Our Fear Of Boredom
Sometimes, we need self-compassion for things that would surprise you. Our fear of boredom would be a good example of this.
Think about it. We spend a lot of our life trying to entertain or hoping to be entertained. We fear boredom, and the judgment of others. We ask ourselves questions like, “What if I am stuck doing this mindless thing forever?” or “What if I don’t do anything interesting, and have nothing to share on social media?”
These are real fears. We actually stress over feeling good, and then stress equally about not feeling good enough. It makes you wonder how we manage to find any time to relax, when we are stressing all of the time about disappointing ourselves and others. Not to mention the stress of feeling like you have to remain in planning mode to live an acceptable life.
I don’t know about you, but even that paragraph annoyed me. So, you see, there is a difference between actually feeling good (time without stress, living with ease), and what we and other people project to be feeling good (anxious planning around entertainment and social media). You cannot avoid the world, so you are going to have to find time for both. You want to do just enough for entertainment and social media that you do not feel crazy, or judged, while making time to simply enjoy whatever you are doing without trying to make it something spectacular.
Most people enjoy a good walk or a nice conversation with a friend, but it is hard to share such activities on Facebook or Twitter. “Hey just had a great time walking,” or “Had a really great conversation with Julie.” It is possible to share such information, but we would rather quote the skydiving instructor or the concert musician. So, how do we make time to do the things that recharge and serve only our well-being, and how do we make time to engage in activities that entertain others?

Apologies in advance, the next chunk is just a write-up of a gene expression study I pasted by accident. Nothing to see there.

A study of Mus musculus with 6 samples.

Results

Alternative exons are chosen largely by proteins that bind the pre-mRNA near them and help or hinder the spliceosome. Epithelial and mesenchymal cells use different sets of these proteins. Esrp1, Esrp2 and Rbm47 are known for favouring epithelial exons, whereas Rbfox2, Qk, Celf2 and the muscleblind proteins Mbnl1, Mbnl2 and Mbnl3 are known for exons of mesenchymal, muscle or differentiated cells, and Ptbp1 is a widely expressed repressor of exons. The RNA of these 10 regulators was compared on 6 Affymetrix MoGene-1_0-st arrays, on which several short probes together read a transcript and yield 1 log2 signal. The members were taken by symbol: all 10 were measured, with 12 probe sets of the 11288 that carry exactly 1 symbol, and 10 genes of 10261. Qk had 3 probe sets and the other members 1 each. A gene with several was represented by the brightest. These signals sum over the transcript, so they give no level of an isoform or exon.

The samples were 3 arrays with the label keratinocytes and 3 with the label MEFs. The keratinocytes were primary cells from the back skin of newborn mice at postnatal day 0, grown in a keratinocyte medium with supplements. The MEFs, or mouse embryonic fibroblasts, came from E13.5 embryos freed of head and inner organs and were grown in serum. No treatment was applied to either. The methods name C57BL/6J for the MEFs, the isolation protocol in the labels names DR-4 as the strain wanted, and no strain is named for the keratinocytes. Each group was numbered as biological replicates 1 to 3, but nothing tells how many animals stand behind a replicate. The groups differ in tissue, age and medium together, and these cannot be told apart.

Making Space Just For You
First, you must start with self-compassion. You have to acknowledge that you come by your desire to entertain yourself and others naturally, but that it is also exhausting to live life that way. Then, you can ask yourself with sincerity what activity would make you feel really good that you could have just for yourself. Hey, sometimes it’s wise to be a little selfish. If you are completely self-less, there will be no self left to enjoy life or others. So, once you have chosen an activity, plan a time where you are sure you can focus on it uniquely, and allow yourself to recharge. Then, do it! You can thank me later, or better yet, you can thank yourself later.
If you are still worried about your social media presence, then plan one thing you can photograph or mention a day. You would be surprised how much attention a quick photo or quote can get if you pick the right thing. Here are can’t misses: a photo of an animal, a sunrise, a sundown, food, coffee, the gym, children, cars, and quotes about one subtle change you have made today that has gotten you excited (e.g., tea, coffee, food, clothing, mentality, plan to travel, etc.) Remember, simple is always better. People just want something to like or retweet that makes them feel good, and valuable.
365 Days Of Self-Compassion. Day 188. In The Books.